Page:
Line of fire injuries main
Line of fire injuries
Hays has seen an increase in injuries sustained by workers that have unintentionally put their body or parts of their body in the Line of Fire of a moving object or object under tension. Investigations conducted by the Health and Safety Team identify a number of recurrent themes. These include:
- Rushing to get a job done
- Safety equipment such as guarding removed from hand held tools
- Workers not considering the potential hazards associated with a task
There is sometimes a perception that a job just has to get done. In this situation we rush, cut corners or ignore an obvious risk. We are often blind to risks to our health and safety that we would ordinarily see if we took our time. Alternatively, we simply do not consider the risk to our Health and Safety because we assume something is true when it is not. For example, assuming a pipe is not under pressure, or an electrical circuit is not live.
Avoiding Line of Fire Injuries
Look for hazards before you commence a task. At its most basic level, the line of fire is the path a moving object will travel. If you are in this path you are at risk of sustaining an injury. Avoid the risk of being in the line of fire by asking a number of questions before you commence a task. These include:
- What objects are moving or under tension?
- If an object under tension is released, am I likely to be in the line of movement?
- What is happening around me that may cause a sudden movement and put me in the line of fire?
Eliminate the hazard where possible.
Once a line of fire hazard is identified, take steps to eliminate the risk of harm. The best-case scenario is to remove the hazard completely. For example, removing the source of tensile or pneumatic pressure from an object. If an object is no longer under pressure, it cannot move with the amount of force required to cause an injury.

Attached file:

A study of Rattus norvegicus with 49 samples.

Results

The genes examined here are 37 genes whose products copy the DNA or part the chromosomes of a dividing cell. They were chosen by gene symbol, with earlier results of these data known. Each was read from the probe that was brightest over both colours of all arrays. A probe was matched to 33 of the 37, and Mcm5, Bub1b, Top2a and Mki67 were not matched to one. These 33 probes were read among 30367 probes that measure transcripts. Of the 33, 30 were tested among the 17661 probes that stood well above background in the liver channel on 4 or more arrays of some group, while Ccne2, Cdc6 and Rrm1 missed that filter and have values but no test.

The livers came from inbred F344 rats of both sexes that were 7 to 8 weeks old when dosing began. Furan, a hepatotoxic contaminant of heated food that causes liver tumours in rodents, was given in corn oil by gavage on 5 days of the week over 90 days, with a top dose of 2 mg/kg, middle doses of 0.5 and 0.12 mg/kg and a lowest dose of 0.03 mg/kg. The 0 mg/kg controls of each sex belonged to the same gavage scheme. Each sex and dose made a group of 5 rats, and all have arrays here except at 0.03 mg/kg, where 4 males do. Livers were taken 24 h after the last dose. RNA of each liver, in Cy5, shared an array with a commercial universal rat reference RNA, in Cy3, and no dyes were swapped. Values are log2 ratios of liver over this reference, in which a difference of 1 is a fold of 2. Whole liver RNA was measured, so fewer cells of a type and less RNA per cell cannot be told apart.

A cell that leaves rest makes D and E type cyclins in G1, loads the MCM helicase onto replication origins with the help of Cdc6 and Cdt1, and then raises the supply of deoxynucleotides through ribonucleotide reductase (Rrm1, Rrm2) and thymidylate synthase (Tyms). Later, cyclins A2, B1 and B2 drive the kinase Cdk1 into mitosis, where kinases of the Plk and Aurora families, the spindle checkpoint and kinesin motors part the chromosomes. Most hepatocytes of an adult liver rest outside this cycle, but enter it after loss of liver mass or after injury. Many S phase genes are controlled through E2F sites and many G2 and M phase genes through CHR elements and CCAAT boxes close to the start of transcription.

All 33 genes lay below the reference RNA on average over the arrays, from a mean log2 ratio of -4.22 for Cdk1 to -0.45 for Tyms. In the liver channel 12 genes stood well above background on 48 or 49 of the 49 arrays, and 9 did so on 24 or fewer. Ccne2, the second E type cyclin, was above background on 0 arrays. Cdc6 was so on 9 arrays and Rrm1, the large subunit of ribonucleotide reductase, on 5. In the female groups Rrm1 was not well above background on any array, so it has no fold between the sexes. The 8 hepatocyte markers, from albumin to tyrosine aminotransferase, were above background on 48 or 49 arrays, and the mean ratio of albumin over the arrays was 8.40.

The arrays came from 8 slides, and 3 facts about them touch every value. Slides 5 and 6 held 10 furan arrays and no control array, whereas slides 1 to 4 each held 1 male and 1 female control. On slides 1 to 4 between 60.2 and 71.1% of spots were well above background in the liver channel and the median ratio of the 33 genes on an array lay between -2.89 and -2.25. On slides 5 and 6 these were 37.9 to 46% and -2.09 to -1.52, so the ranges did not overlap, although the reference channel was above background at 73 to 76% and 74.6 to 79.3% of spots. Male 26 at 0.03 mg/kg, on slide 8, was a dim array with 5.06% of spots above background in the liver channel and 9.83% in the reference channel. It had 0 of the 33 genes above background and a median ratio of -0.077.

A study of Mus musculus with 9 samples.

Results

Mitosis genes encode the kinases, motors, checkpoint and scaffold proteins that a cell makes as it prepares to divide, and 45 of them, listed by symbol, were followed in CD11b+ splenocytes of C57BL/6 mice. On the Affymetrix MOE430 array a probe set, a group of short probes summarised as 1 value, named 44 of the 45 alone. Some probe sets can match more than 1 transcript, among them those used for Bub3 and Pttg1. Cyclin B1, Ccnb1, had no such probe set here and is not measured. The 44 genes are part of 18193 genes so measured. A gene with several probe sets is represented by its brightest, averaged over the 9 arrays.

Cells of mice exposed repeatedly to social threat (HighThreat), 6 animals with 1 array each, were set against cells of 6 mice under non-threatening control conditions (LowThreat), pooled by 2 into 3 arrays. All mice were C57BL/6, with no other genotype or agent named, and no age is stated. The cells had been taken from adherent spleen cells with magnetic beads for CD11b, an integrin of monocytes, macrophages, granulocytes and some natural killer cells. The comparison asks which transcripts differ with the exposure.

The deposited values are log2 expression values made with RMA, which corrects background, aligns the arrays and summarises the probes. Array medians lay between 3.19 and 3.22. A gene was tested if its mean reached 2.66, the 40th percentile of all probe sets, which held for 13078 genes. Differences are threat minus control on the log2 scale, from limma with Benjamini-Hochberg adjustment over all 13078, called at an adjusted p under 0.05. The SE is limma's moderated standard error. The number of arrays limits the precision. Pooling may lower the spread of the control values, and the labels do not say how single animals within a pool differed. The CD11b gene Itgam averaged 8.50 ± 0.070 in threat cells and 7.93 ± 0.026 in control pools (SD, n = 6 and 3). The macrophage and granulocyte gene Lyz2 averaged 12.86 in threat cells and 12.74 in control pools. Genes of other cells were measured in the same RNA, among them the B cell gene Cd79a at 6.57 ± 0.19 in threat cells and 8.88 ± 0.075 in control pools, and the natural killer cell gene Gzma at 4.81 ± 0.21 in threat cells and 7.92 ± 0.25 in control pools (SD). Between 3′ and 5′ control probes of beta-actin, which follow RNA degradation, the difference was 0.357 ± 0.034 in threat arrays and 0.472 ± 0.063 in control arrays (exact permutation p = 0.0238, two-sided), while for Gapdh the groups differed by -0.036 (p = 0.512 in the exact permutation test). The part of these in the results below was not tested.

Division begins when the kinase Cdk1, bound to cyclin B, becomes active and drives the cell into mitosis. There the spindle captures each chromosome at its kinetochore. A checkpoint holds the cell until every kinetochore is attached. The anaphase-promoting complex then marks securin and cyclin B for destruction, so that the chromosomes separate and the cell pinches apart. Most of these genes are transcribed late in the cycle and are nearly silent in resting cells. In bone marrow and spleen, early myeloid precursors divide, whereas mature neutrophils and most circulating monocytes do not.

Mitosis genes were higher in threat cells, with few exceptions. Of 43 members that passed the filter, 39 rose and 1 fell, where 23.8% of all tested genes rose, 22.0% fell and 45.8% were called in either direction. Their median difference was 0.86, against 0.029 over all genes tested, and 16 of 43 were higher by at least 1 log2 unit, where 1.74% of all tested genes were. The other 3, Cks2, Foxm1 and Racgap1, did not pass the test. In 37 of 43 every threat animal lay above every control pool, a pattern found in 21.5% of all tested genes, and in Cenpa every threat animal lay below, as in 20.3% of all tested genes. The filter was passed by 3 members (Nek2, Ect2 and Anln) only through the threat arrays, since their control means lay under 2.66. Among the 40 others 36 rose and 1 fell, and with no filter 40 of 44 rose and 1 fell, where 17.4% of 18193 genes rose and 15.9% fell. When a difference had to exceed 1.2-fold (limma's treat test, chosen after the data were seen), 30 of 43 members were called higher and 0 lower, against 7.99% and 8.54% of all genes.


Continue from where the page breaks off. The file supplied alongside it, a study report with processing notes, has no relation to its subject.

Use best practices for minimizing hazards.
If an object under pressure cannot be eliminated, it is necessary to ensure that an object is guarded to provide a physical barrier should an object under pressure be released. It is then necessary to ensure a barrier can sustain the force released without failing. This is also the case for powered and non - powered hand held tools. Ensure that any movement is away from the body rather than towards you.
Reporting a Line of Fire Risk
Do not think because you may be new on site that you should not report a hazard. No job is so important that you should risk your health and it is far more effective to address a hazard before an injury occurs.
The two most common ways to report a hazard are to contact the Health and Safety team directly on 1800 786 057 or by contacting the consultant who placed you on site.